My Six Favorite Male Mystery authors

My favorite male mystery authors

It’s so hard to whittle down my favorite authors. I’ve read so many wonderfully dark, nuanced stories over the years. But these are the male authors I have on automatic buy… or listen. Being the proud owner of an iPhone (plus the cool thingie you plug directly into the cigarette lighter to make the audio come out of the radio) means I’m becoming fonder of audio by the minute.

I’ve intentionally left out non US authors, of which I have a slew of favorites, especially Nordic and UK authors. But that’s another blog post…

What’s so great about Michael Connelly?

I read THE POET first, and fell in love. I’ve read most of Connelly’s early novels but lost the thread recently because he’s too bloody prolific! Before I was published, I read him quite a lot, and in a curious way, his writing inspired me to give it a try myself.  On the surface Connelly’s writing seems simple enough. It isn’t lyrical. It’s much more straightforward and direct, like the journalist he once was. Having been a broadcast journalist myself, I thought, “Hey, I can do that.”

It wasn’t until I actually started writing that I realized how much craft goes into a Michael Connelly book, and how wrong I was about it being easy. We live and learn. Connelly creates smooth, polished prose, and he unfailingly hooks readers into the story by end of the first chapter, no mean literary feat. I kind of regret he’s doing two books a year these days, it was always such a treat to look forward to the next Connelly release… anticipation is definitely part of the pleasure!

Elvis Cole, Joe Pike, Carol Starkey and the wonderful Robert Crais

The first Bob Crais book I read was LA REQUIEM, so I knew Joe Pike better than Elvis Cole. In fact, it took me a while to warm up to Elvis and his smart-ass attitude but I finally decided he’s a genuinely good guy. I loved Crais’ Angel novels, starring Carol Starkey, a bomb squad veteran now doing time as a Detective with LAPD’s Criminal Conspiracy Section, and I’m glad he’s carrying the series on. I read TAKEN – a great story – but enjoyed SUSPECT even more. Even the chapters written in the voice of the dog were terrific. You can always be sure you’re getting a great read with Crais. And, of course, who doesn’t like the classic, HOSTAGE?

Twenty one great reads by Thomas Perry

I cut my teeth on Perry’s excellent Jane Whitfield series, but enjoyed the Butcher Boy series more. To be honest I’ve only read five of his twenty one novels so far but I’m on the case. His attention to detail, depth of research and uncanny ability to build suspense puts him firmly in the ‘can’t ignore’ category.

Turning up the psychological heat with Thomas Cook

What a treat to read a Thomas Cook novel. So different, so intricately psychological, you genuinely never know where you’re going to end up. THE CHATHAM SCHOOL AFFAIR, of course, was wonderful. But some of his quieter books, like RED LEAVES, are equally inspiring. I can’t get enough of the tension he builds as innocent people are railroaded. It’s powerful stuff.  And his prose is just gorgeous stuff.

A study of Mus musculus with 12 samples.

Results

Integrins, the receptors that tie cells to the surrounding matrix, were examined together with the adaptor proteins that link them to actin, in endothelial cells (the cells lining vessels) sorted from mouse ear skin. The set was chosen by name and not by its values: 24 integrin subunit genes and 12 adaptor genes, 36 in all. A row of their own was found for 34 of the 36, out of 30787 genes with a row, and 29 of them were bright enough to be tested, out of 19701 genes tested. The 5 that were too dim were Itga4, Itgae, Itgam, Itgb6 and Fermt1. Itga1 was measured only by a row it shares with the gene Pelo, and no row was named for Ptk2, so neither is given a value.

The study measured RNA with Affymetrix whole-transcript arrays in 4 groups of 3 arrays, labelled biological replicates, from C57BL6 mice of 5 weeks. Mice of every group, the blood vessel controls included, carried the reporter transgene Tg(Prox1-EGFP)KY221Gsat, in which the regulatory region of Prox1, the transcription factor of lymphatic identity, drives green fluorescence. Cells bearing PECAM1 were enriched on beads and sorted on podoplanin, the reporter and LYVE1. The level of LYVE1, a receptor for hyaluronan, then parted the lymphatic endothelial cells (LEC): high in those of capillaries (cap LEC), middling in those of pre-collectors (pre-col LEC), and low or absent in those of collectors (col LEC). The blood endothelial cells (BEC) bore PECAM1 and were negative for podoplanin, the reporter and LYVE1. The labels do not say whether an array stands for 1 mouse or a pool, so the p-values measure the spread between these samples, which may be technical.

Again I haven’t read anywhere near enough of this hugely entertaining author’s work… and there’s only one way to remedy that. Are there enough hours in the day? No!

Beautiful language crafted carefully by Dennis Lehane

Where do I start? I was given a copy of Lehane’s first book, A DRINK BEFORE THE WAR, and ended up racing through all of the Patrick/Angie books. I adored MYSTIC RIVER, his standalone, but loved his non mystery baseball book, THE GIVEN DAY, even more, mainly because of the stunningly beautiful language and the prose, which melts your heart.

Elegant prose and international drama from Daniel Silva

What do you get when you add up elegant prose, international scope, daring assignments and fine art? The unforgettable Gabriel Allon of course, and Daniel Silva’s remarkable series never disappoints.

I don’t know how he manages to capture me every time, but he does – I stop whatever I’m doing to read him, caught like a fly in literary amber! Maybe it’s because he’s in the fictional Mossad. Perhaps it’s because Ariel Sharon is still healthy in Shamron’s personage. Or maybe it’s the rich spy-catching-spy theater mixed up with art restoration. But I look forward to July every year because I know a brand new Silva will be waiting for me.

If you haven’t read Silva’s earlier series starring CIA agent Michael Osborne, do. They are pretty damn good too, but in my eyes he really found his voice with Allon.

Who is your favorite US male author?

Let’s start a conversation – who is your all-time favorite US male author, and why?

PS I already wrote about my favorite female mystery authors, and you can find that post here.